Full publications of studies were identified by searching Medline (1966 to 1999), EMBASE/Excerpta Medica (1974 to 1999), the Oxford Pain Database (1950 to 1994), and the Cochrane Library (1999, Issue 3) with the terms marijuana, marihuana, mariuana, cannabis, cannabinoids, tetrahydrocannabinol (THC), delta-9-THC, nabilone, pain, analgesia, and random. Bibliographies of relevant studies were scanned.
Studies were selected if they were randomised controlled trials (RCTs) that compared cannabis or cannabinoids with an analgesic agent or placebo for pain management. Studies of experimental pain were excluded.
Data were extracted on study quality, interventions, and outcomes.
20 RCTs were identified, 9 of which met the selection criteria (222 patients). The types of cannabinoids used were oral delta-9-THC 5 to 10 mg; an oral synthetic nitrogen analogue of THC 4 mg; oral benzopyranoperidine 2 to 4 mg; and intramuscular levonantradol 1.5 to 3 mg. No study assessed cannabis or other inhaled or smoked cannabinoids. The other active treatment drugs were oral codeine 50 to 120 mg and oral secobarbital 50 mg. Studies varied in interventions and regimens, clinical settings, duration of follow up, and outcomes. 5 studies were on cancer pain; 2 were on chronic, non-malignant pain; and 2 were on postoperative pain. In 7 studies, follow up was 6 to 7 hours; in 1 study, follow up was 6 weeks; and in 1 study, follow up was 5 months. In patients with cancer pain, oral delta-9-THC and an oral synthetic nitrogen analog of THC were as effective as codeine, but oral benzopyranoperidine was less effective than codeine. In patients with postoperative pain, intramuscular levonantradol was more effective than placebo, and adverse effects with levonantradol were common but mild. In all studies, adverse effects (often psychotropic) were common.
Cannabinoids and codeine have similar effects on pain relief, but cannabinoids commonly cause psychotropic adverse effects.
Studies done in the previous few years have suggested that cannabinoids may be effective in certain populations for alleviating nausea and symptoms of anorexia, although their clinical indications have been unclear because of the high incidence of psychotropic side effects and the lack of sound trials comparing cannabinoids with standard treatment.1,2 Despite the lack of clear evidence on safety and efficacy, a survey done in 1994 showed that most physicians in the UK wished to have cannabinoids available by prescription.3 In this setting, Campbell et al and Tramér et al completed their respective systematic reviews, which examined the efficacy of cannabinoids in the treatment of pain and chemotherapy-induced nausea and vomiting.
Cannabinoids in pain management provide analgesic effects similar to those of codeine. Cannabinoids commonly cause psychotropic side effects, but whether these effects are more common than with codeine is uncertain. At present, insufficient evidence exists to support the widespread use of cannabinoids over currently available analgesic treatments for pain management. However, the effects of inhaled cannabinoids were not assessed in this analysis.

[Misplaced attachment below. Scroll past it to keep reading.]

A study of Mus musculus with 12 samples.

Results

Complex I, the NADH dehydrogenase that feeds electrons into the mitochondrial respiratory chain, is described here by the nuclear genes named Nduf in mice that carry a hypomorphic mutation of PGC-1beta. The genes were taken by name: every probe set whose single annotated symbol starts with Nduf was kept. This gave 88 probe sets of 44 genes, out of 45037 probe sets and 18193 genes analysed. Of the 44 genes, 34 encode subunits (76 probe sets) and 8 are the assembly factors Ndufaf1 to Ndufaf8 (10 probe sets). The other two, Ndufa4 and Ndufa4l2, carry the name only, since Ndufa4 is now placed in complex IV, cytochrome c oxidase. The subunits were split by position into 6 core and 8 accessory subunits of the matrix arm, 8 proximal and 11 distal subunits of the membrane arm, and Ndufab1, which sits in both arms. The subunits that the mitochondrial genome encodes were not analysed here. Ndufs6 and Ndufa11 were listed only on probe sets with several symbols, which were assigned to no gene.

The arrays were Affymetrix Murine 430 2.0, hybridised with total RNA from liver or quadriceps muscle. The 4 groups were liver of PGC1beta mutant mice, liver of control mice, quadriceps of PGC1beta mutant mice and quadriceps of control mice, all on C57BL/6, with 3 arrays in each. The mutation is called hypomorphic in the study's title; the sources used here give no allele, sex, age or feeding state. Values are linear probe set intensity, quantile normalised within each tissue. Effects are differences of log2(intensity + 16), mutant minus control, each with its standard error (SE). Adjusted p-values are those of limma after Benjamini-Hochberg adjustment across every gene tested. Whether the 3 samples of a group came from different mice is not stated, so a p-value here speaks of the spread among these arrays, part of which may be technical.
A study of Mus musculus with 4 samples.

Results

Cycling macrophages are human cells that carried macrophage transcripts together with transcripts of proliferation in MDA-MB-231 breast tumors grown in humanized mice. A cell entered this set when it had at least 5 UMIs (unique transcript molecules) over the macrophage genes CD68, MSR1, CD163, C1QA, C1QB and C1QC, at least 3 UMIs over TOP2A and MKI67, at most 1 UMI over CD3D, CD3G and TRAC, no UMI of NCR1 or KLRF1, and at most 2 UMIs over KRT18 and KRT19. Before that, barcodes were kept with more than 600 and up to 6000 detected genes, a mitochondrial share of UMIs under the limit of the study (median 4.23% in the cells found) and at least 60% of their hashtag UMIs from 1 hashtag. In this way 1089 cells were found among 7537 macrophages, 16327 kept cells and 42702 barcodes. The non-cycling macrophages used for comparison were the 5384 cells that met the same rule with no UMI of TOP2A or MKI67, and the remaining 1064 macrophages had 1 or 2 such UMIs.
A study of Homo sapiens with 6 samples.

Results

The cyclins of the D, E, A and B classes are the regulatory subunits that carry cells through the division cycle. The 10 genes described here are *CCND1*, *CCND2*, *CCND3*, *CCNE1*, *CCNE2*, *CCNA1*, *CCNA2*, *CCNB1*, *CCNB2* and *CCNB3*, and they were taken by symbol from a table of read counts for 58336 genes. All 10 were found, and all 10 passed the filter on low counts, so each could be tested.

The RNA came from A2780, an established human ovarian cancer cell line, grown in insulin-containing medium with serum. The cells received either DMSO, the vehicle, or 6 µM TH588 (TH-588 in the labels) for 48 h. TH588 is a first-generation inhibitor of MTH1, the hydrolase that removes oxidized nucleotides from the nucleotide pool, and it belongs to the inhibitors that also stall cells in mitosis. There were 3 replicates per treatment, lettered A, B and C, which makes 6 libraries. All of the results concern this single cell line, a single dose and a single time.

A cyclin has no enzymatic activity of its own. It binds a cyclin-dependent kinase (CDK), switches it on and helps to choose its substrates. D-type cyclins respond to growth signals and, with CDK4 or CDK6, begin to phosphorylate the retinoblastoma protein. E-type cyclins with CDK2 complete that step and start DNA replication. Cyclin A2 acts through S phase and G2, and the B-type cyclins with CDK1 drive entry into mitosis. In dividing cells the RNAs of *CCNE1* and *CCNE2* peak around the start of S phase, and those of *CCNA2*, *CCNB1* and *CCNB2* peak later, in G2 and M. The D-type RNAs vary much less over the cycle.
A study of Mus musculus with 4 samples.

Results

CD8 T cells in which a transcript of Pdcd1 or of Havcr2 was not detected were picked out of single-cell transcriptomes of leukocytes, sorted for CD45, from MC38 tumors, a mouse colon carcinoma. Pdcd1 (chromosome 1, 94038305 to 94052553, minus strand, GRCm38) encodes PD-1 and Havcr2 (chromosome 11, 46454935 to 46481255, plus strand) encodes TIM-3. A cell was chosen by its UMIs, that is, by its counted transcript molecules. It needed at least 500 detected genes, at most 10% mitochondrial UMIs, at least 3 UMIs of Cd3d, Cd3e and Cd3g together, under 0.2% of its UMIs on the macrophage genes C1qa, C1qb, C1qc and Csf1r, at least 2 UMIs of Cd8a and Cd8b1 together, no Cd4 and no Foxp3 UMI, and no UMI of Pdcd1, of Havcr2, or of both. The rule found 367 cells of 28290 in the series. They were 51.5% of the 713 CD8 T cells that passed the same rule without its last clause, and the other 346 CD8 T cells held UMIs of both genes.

The findings regarding chemotherapy-induced nausea and vomiting were somewhat more intriguing: cannabinoids were shown to be slightly superior to such conventional antiemetics as prochlorperazine or metoclopramide. Although psychotropic side effects remained common, some of these effects, including euphoria and sedation, may have been perceived as beneficial. Many patients reported having a preference for cannabinoids, but whether this preference was because of beneficial side effects was not evaluated.
What is to be gained from these 2 reviews? The review by Campbell et al assessing the efficacy of cannabinoids in the treatment of pain puts to rest the question of whether these oral or intramuscular agents are useful in that setting. Clearly, the review of published trials shows that unless more potent and less toxic cannabinoid derivatives are developed and studied, these agents are unlikely to have any important role as therapeutic options in pain management.
The results of the review by Tramér et al assessing the efficacy of cannabinoids in the treatment of nausea and vomiting are less clear. One can certainly argue that any relevance of the “slightly superior” outcomes of treatment with cannabinoids over conventional antiemetics may be offset by the concerns about the psychotropic side effects that routinely accompany the use of these agents. However, as pointed out in Belknap's commentary4 on the Voth study,1 no clinical trials were reported comparing cannabinoids to 5-hydroxytryptamine-3 receptor antagonists, which have become the standard of care in the prevention of chemotherapy-induced nausea and vomiting. Until such trials are done, the use of cannabinoids for this indication remains uncertain.
Of greater importance is the observation that patients often expressed a preference for the cannabinoids over other antiemetics for future chemotherapy despite the related psychotropic effects. This observation cannot be ignored. One can only speculate whether patient preference was a result of the beneficial side effects, such as euphoria, or another unknown effect. Irrespective of the reason, patient preference should be included as a valid outcome in the design of future studies that evaluate the efficacy of cannabinoids in the treatment of chemotherapy-induced nausea and vomiting.
Sources of funding: Swiss National Research Foundation and Royal College of Nursing Institute.
For correspondence: Ms F A Campbell, Pain Management Centre, Undercroft, South Block, Queen's Medical Centre, Nottingham NG7 2UH, UK. Fax +44 115 970 9196.